Up-scale Your Next Packaging Project with Soft-Touch Coating
It was several years ago, while book shopping at a Barnes & Noble, when first I noticed that book covers enhanced by foil stamping or embossing seemed to be targeting a mass consumer audience, while books with a distinctive dull or matte coating were intended for a more discerning reader. The subject matter for the latter category was mostly non-fiction, and more specifically on topics that would be unknown to the general reader. These non-fiction subjects weren’t autobiographies by the latest presidential candidate or a well documented WWII battle campaign. Rather, the books using a dull coat on there covers were on obscure historical topics such as the ability to measure longitude for the purpose of trans-oceanic navigation, or on how cloistered Irish monks saved written Roman and Greek transcripts from threat the barbarian rulers in control at the time. While the subject matter alone for these books may have appealed to a very small audience of history fanatics, the stunning cover graphics combined with a dull coating made them attractive enough to draw interest from the broader population at whole, helping them to fairly decent sales. Good graphics along with the right coating helps sell product.
For many years, dull, satin and matte coatings or varnishes have been used in the printing process to enhance the finished piece and make it easier on the intended reader’s eyes. This category of coating both up-scales the look and feel of the printed product, and reduces glare which makes it easier to read – both very desirable attributes. The problem has always been that these coatings are more liable to scuff or scratch, in both the production and transport process. The beauty of the printed piece can be negatively impacted by visible marks. Over time, properly formulated and applied over coatings have become more scuff resistant to prevent marking after the printing has been completed.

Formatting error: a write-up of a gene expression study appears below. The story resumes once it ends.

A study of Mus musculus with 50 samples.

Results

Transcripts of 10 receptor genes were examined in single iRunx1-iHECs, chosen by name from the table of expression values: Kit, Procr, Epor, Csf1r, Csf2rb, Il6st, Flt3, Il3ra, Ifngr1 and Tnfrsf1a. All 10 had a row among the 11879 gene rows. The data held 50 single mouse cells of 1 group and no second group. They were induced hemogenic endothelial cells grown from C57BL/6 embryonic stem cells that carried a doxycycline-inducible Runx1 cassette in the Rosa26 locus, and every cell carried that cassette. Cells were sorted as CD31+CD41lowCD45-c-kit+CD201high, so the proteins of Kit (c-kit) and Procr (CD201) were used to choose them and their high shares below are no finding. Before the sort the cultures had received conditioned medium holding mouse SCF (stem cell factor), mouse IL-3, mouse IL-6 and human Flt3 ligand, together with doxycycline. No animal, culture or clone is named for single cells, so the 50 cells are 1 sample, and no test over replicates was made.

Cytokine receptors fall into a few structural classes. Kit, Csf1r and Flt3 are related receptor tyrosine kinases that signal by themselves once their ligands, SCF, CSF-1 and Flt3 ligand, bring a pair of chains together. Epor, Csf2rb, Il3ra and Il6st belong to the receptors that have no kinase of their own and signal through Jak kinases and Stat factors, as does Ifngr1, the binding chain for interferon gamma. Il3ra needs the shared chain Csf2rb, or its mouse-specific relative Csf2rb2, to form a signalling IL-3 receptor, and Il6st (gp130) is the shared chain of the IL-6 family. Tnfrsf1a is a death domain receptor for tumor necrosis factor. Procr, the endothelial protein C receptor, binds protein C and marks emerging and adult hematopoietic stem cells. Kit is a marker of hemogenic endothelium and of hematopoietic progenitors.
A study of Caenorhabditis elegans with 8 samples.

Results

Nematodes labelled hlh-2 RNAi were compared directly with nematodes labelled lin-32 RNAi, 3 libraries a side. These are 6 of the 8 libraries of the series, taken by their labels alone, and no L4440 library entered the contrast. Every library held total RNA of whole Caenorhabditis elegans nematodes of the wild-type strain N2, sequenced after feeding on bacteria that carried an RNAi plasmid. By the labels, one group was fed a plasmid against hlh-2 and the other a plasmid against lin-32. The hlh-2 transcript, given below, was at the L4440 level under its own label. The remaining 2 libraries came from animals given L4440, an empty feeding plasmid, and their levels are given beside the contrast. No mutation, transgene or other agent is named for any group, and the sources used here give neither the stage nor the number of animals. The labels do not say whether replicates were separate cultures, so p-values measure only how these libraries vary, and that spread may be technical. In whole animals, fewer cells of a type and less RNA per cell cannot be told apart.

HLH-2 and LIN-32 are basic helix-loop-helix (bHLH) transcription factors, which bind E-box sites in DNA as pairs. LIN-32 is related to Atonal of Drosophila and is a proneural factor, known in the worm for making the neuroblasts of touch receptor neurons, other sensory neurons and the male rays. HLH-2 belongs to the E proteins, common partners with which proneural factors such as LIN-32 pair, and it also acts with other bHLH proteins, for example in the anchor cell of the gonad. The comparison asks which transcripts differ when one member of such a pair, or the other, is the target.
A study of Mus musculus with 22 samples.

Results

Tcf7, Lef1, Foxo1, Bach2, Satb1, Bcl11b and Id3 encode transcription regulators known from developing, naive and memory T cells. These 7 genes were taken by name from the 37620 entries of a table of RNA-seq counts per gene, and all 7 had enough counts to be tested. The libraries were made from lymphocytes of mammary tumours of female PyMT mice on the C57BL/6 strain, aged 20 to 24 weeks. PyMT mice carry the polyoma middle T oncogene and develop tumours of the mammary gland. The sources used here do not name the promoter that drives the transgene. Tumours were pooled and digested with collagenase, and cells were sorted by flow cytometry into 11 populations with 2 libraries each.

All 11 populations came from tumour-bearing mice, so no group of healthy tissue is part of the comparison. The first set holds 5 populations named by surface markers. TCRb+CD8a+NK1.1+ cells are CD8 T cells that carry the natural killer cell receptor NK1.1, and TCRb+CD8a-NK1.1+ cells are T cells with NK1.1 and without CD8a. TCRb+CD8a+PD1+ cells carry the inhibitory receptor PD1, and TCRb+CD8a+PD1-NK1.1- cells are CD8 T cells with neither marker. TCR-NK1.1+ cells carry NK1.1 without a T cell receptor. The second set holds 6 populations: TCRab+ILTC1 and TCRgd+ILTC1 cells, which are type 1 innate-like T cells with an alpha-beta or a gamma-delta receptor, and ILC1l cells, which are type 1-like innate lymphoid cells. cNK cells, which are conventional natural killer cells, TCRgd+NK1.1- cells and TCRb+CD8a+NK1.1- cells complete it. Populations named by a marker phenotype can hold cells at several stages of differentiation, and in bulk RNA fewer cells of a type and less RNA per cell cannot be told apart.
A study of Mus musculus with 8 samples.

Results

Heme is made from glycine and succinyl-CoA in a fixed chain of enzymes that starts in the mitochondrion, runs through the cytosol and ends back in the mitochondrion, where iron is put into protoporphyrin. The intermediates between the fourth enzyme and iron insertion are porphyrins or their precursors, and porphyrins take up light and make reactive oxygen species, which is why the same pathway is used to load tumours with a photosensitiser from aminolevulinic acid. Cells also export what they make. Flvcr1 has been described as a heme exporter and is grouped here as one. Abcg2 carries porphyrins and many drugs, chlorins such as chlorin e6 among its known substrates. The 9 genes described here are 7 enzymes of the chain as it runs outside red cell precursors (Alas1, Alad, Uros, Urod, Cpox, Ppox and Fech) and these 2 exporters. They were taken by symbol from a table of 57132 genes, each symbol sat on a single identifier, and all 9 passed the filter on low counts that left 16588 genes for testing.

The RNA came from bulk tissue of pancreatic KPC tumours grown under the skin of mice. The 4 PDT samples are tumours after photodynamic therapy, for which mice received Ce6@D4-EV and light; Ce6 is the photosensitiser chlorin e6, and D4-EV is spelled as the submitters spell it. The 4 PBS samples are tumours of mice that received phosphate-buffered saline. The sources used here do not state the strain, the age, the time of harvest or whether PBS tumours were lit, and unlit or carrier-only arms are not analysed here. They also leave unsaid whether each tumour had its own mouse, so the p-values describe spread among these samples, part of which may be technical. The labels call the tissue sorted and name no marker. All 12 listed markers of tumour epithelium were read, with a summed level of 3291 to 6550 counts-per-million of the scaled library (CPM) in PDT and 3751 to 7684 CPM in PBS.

All of the amazing attributes of dull coatings are enhanced even more with the silkier more tactile soft-touch coatings in vogue today. Soft-touch coatings are now being specified on cartons to add perceived value to all sorts of high-end consumer products. Again, although highly desirable, soft-touch coatings present a potential scuffing or marking problem, especially on darker colors. We saw this problem time and time again in our earliest attempts to master this coating process, but over time we learned by adding the right amount of cross-linkers add the right time to the coating we can prevent the problem entirely.
Impressions Inc. is excited to provide soft-touch coating capabilities to those discerning customers who wish to upgrade the look and feel of their product, and the desire for their products to stand out from the rest raising its perceived value on the retail shelf.